California voted Ronald Reagan and then Arnold Schwarzenegger in as their state governor. Clint Eastwood and Scott Baio have given public speeches at the RNC and just recently, Robert Davi could be seen all over the floor of the Conservative Political Action Conference. Meryl Streep openly criticized Donald Trump at the Golden Globes and you can’t read anything about Lena Dunham without hearing her political views.
While I would definitely prefer if celebrities stayed out of politics, you cannot deny that they will get involved. As American citizens, it’s all of our duty to get out and vote and, in turn, be educated about the political state of our country.
So if American celebrities want to tweet about their hatred or support for something or someone, they can go right ahead. What I do have an issue with is when celebrities from other countries decide to start getting involved in the conversation.
Take, for example, Patrick Stewart. Stewart is an English actor who began his career in the Royal Shakespeare Company, got his start on television on BBC and was later named an Officer of the Order of the British Empire and then knighted. Despite a few brief stints of living in Los Angeles, Stewart has lived the majority of his life outside of America. Yet on Thursday, he announced that he was going to be applying for U.S. citizenship in order to “oppose” and “fight” President Trump.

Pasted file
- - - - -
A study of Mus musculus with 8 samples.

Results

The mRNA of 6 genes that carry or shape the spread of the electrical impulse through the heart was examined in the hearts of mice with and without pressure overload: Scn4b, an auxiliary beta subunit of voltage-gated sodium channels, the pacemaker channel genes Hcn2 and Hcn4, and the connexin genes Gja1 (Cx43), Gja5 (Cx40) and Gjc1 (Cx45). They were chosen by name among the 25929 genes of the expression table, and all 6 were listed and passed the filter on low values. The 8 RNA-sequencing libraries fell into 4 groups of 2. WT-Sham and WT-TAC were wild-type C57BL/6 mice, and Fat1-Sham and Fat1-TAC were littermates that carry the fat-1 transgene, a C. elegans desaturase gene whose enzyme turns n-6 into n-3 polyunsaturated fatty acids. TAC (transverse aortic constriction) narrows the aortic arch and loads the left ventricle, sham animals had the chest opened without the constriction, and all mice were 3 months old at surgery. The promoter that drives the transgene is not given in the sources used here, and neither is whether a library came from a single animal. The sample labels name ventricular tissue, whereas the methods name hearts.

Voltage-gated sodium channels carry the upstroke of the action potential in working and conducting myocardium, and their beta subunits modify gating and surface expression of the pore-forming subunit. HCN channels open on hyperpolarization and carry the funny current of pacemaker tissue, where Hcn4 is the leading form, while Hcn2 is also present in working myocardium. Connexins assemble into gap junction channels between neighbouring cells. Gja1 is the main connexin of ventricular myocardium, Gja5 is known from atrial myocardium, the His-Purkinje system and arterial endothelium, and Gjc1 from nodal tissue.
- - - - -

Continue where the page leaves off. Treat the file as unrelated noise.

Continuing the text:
Now, I feel that somebody who is not an American should not be making such strong political statements, especially if they have a large following both inside and outside the U.S. America as a whole has enough division and there are enough people, including celebrities, who are on both sides of the political spectrum. We don’t need foreign celebrities coming in and furthering this divide.
American celebrities didn’t rush to become British citizens when Brexit was happening, and when Theresa May became the prime minister and issued in an entire new cabinet, American celebrities weren’t up in arms on Twitter.
To become an American citizen because you wish to live in America is also a completely different story than becoming an American citizen simply to oppose a sitting president. To me, the former is effectively the same thing as being somebody who could vote and chose not to, yet protested anyway.
Why is it then that celebrities like Patrick Stewart, J.K. Rowling, Shakira, Andrew Garfield and countless others feel the need to discuss American politics when they do not permanently live in America? They are not being forced to stay here, they are not being forced to become American citizens and they have more than enough means to leave the U.S. whenever they wish. Yet they publicly announce their disdain for a president whose executive actions will have little, if any, effect on them.
America is a very unique country; it’s extremely diverse and Trump would not have won if there were not citizens in the United States who genuinely felt he was the best fit for the job. As an outsider, you can look at American politics and think anything you want, but in the end, your opinion doesn’t really matter in a political sense because you cannot vote in our democratic process. You cannot directly create the change that you publicly speak about, so it’s better if you don’t attempt to do so by taking advantage of your fan base.